An Era of Darkness Quotes by Shashi Tharoor
How bad was British colonialism for India?
The rule of the British in India is possibly the most controversial and the most hotly debated aspect of the history of the British empire. Admirers of British rule point to the economic developments, the legal and administrative system, the fact that India became the centre of world politics. Critics of British rule generally point out that all of these benefits went to a tiny British ruling class and the majority of Indians gained little. Admirers of British rule counter this by saying that most Indians were poor and oppressed by their own leaders before the British arrived, and that British rule was less harsh on ordinary Indians than rule by Indian princes. Perhaps the main reason why the arguments are so heated and so complex is that India was very different from the other territories that made up the empire.
M any modern apologists for British colonial rule in India no longer contest the basic facts of imperial exploitation and plunder, rapacity and loot, which are too deeply documented to be challengeable. In particular, political unity and democracy, the rule of law, railways, English education, even tea and cricket? Unfortunately for this argument, throughout the history of the subcontinent, there has existed an impulsion for unity. Had the British not completed the job, there is little doubt that some Indian ruler, emulating his forerunners, would have done so. In the years after , the British astutely fomented cleavages among the Indian princes, and steadily consolidated their dominion through a policy of divide and rule.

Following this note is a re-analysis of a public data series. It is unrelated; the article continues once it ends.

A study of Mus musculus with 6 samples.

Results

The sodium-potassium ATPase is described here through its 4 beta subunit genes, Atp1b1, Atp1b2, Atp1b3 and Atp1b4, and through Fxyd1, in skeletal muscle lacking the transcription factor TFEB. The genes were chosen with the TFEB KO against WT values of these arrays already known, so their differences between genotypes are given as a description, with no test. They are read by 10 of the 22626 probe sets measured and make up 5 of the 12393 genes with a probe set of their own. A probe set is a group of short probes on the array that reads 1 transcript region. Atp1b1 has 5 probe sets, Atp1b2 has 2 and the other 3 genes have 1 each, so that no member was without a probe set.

What he may not have realised then is that he had managed to provide not just very succinct and persuasive arguments against the empire but also quantify the scale of its ills. The speech, thus, evolved into Inglorious Empire , in which Tharoor dissects most of the arguments made by apologists for the empire with hard facts and deft writing. The East India Company was created in to cash in on trading with India, which at the time accounted for more than a quarter of all the trade in the world. It soon realised, however, that its ambitions would be better served with a permanent presence in the country, and from then on the trade took off. In some or so years, through a series of conquests and some clever politicking, the company created a rival empire on the subcontinent among the already warring ones such as the Maratha, Mughal, and Awadh regimes. Today, the argument goes that, had it not been for the British, those rival factions would not have coalesced into a single entity. This argument stands on two pillars.